Ransom X Ransomware Description
Ransom X Ransomware is the name of a newly uncovered data-encrypting Trojan that has already been deployed against the Texas Department of Transportation. Unlike most file-lockers that tend to target regular users, the Ransom X Ransomware appears to be used against high-value targets only. Another significant difference between most data-lockers and the Ransom X Ransomware is that the latter does not rely on phishing emails, torrent trackers or fake software updates to infect the targeted hosts. Instead, the Ransom X Ransomware is deployed against each target manually. To do this, the operators of this threat need to have elevated privileges on the compromised system.
Since the Ransom X Ransomware is launched manually, it does not need to try and disguise its threatening activity on the host. As soon as the threat is deployed on the system, it will spawn a window that shows the progress of the campaign. By the time the attack is completed, the operators of the Ransom X Ransomware will know:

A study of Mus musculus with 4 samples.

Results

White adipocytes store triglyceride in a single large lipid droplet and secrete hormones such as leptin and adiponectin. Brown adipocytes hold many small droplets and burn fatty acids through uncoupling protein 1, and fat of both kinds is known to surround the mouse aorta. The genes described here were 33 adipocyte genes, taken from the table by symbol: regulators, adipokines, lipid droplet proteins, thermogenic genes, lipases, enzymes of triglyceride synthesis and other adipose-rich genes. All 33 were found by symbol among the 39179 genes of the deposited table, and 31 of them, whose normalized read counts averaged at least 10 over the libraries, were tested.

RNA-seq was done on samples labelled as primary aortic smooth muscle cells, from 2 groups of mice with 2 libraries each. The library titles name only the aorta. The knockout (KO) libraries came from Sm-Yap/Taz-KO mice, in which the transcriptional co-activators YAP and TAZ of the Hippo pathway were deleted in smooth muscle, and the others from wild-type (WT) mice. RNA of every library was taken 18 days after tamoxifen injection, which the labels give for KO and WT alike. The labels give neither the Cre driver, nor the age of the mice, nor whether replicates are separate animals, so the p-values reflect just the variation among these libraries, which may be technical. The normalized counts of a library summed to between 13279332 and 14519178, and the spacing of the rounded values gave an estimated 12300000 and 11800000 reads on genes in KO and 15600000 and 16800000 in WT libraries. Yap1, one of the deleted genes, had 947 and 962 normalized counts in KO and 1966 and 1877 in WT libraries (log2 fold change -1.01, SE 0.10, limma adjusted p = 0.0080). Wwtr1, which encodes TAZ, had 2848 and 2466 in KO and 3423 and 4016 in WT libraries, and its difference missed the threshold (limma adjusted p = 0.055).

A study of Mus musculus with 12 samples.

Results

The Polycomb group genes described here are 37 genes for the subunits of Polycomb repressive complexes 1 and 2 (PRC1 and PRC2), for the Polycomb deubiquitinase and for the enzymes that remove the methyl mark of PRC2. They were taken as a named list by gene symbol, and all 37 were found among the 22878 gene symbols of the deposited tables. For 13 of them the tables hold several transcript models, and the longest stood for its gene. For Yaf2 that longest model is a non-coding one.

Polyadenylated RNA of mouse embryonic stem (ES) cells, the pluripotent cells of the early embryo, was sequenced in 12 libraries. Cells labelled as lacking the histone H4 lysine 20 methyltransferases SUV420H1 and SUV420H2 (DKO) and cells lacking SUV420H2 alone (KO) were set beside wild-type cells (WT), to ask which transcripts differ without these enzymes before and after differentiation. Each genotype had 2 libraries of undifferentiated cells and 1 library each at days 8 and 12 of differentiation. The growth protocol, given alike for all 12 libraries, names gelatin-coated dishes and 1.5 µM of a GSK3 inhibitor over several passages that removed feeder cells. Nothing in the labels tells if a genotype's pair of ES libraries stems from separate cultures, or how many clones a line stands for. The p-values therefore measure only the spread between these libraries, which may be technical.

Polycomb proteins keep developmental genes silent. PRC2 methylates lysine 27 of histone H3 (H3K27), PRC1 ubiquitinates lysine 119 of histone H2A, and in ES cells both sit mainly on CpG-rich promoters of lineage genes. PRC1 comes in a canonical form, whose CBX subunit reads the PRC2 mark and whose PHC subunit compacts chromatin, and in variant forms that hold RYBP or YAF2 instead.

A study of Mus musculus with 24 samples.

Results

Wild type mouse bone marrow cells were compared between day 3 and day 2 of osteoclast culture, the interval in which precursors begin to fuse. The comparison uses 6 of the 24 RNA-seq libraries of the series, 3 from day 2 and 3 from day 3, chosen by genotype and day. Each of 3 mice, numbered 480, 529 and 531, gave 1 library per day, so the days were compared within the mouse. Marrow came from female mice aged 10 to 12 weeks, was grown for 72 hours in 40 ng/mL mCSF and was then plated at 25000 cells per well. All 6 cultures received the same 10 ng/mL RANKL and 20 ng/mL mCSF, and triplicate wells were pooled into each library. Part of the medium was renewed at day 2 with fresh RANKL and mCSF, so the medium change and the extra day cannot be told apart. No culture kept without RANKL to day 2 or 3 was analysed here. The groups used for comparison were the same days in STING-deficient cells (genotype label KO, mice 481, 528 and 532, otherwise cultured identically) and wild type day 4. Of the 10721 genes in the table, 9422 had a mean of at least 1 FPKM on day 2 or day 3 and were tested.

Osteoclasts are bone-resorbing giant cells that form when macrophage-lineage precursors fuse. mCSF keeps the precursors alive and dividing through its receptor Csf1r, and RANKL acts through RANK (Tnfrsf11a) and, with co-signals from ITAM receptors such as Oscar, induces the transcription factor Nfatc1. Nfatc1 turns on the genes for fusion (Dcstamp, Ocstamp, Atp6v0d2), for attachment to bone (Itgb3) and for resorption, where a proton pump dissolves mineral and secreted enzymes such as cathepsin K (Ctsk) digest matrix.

- The exact number of locked files.
- The extension that has been appended to the affected files.
- The total time spent on completing the attack.
When the Ransom X Ransomware is active on the targeted system, it will check for 289 processes that are linked to anti-malware suites, remote access connections, database management, email servers, etc. When the Ransom X Ransomware detects a process that matches the set criteria, it will terminate it immediately. This step is necessary so that all the targeted files will be encrypted successfully, as any files used by the processes in question will not be available for encryption. However, the Ransom X Ransomware is programmed to avoid encrypting specific folders and files, as tampering with them may result in a system malfunction.
To make it more difficult for the victim to recover the encrypted files, the Ransom X Ransomware will make sure to:
- Disable the Windows Recovery Environment.
- Disable the Windows System Restore.
- Wipe out the Windows Event logs.
- Wipe out the Windows backup data.
- Remove NTFS data.
It would appear that the Ransom X Ransomware generates a unique extension for each victim. The Texas Department of Transportation reports that the encrypted files on their systems had the ‘.txd0t’ extension appended to their names. The ransom note of the Ransom X Ransomware contains the extension name, and in the case of the aforementioned target, the file was called ‘!_README_ME!.txt.’
The Ransom X Ransomware is a very threatening Trojan, but for now, it has a low infection rate. This is due to the fact that the attackers appear to go after carefully selected high-value targets only. Unfortunately, a free decryption tool is not available for the victims of the Ransom X Ransomware.